Insurgent Republican Larry Zacarese’s upset win over State Sen. Phil Boyle in the GOP primary for Suffolk County sheriff has changed the political landscape, with an impact stretching from the sheriff’s race to Albany.
Zacarese will face Boyle again in a November rematch. But it is unclear whether Boyle will run only with minor party Conservative and Independence ballot lines, or seek the Democratic line as well.
“I’m open to it, but I’m waiting to have conversations with some people in the party and with Phil himself,” said Richard Schaffer, Suffolk Democratic chairman.
The Democrats’ sheriff nominee, attorney Stuart Besen, has yet to form a campaign committee and could leave the race with a minor party nomination for State Supreme Court anywhere in the state.
Boyle vowed to run an “extensive” campaign in November.
Boyle would not say Wednesday whether he will seek the Democratic ballot line.
But he acknowledged having discussions Wednesday with Senate Majority Leader John Flanagan (R-East Northport) at a local press event of Gov. Andrew M. Cuomo’s. Boyle declined to disclose details of the conversation, and Flanagan did not return calls for comment.
Zacarese expressed confidence he will win any rematch, saying voters want to end the backroom cross-endorsement deals and elect the most qualified sheriff.
“I think people took great pride in voting for someone they felt qualified and is not just toeing the party line,” he said. He cautioned that Boyle could “put himself in a very precarious position” with Republicans by taking the Democratic line rather than helping to unite the party behind the GOP voters’ choice.
Suffolk Conservative chairman Frank Tinari, whose party’s early endorsement forced the GOP to back Boyle, said he was disappointed by the Republican primary, but called it an intraparty contest “where not many people voted.”
“Boyle is weighing all his options, but it too early to speculate what is going to happen,” Tinari said.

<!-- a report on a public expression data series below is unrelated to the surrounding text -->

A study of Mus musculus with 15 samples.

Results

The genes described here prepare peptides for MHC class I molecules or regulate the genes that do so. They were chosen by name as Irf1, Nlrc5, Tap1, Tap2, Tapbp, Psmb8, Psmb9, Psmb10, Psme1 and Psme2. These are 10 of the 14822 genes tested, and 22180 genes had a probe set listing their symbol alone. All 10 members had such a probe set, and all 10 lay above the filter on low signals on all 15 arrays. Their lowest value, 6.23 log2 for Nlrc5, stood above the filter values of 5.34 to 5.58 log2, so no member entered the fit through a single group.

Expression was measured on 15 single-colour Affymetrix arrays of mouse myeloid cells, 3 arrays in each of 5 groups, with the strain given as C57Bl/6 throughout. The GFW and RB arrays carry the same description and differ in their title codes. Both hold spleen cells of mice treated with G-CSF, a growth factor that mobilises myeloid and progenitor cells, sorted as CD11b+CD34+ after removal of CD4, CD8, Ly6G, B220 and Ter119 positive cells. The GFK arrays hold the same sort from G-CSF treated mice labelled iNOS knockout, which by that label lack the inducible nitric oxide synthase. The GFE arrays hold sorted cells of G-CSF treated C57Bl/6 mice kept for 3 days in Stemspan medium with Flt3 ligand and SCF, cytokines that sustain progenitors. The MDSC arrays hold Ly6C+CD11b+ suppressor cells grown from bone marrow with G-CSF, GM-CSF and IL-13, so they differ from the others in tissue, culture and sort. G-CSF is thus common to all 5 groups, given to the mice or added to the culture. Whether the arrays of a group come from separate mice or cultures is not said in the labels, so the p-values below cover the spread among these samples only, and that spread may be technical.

Zacarese, a political newcomer who is assistant chief of the Stony Brook University Police, beat Boyle by 2,737 votes, or a margin of 56.25 to 43.75 percent. Turnout was 7.04 percent, according to unofficial returns.
Zacarese carried eight of the 10 Suffolk towns. Boyle only won his hometown, Islip, by 882 votes and Babylon by 62 votes.
Zacarese said his law enforcement credentials, and Boyle’s lack of any direct law enforcement experience, resonated most with voters. Also crucial were two mailings of 3,000 each sent to gun rights backers that attacked Boyle’s vote for Gov. Andrew M. Cuomo’s gun control SAFE Act, said Zacarese. Boyle later called the vote a mistake.
Zacarese’s win also upset plans for Boyle resign his Senate seat early to give Republicans a better chance in a special election on Election Day, rather than hold the contest early next year.
His resignation had been expected to launch Suffolk Legis. Tom Cilmi (R-Bay Shore) for Boyle’s seat and allow GOP Islip Town Board member Trish Bergin Weichbrodt to run for Cilmi’s 10th District seat. If Boyle does not step down, he could run for sheriff — and even if he were to lose, he could run for Senate re-election in 2018.
Some Democrats also say they are upset that Schaffer is considering backing Boyle. They say the move could anger Democrats energized by President Donald Trump, and hurt Police Commissioner Tim Sini, who is running for district attorney, a Democrat with a cross-endorsement deal of his own.
“It’s a bad idea,” Barry McCoy, a member of the Democrats’ executive committee, said of a Democratic endorsement of Boyle. “Since he lost a Republican primary, what’s the point of angering loyal Democrats to support someone guaranteed to lose?”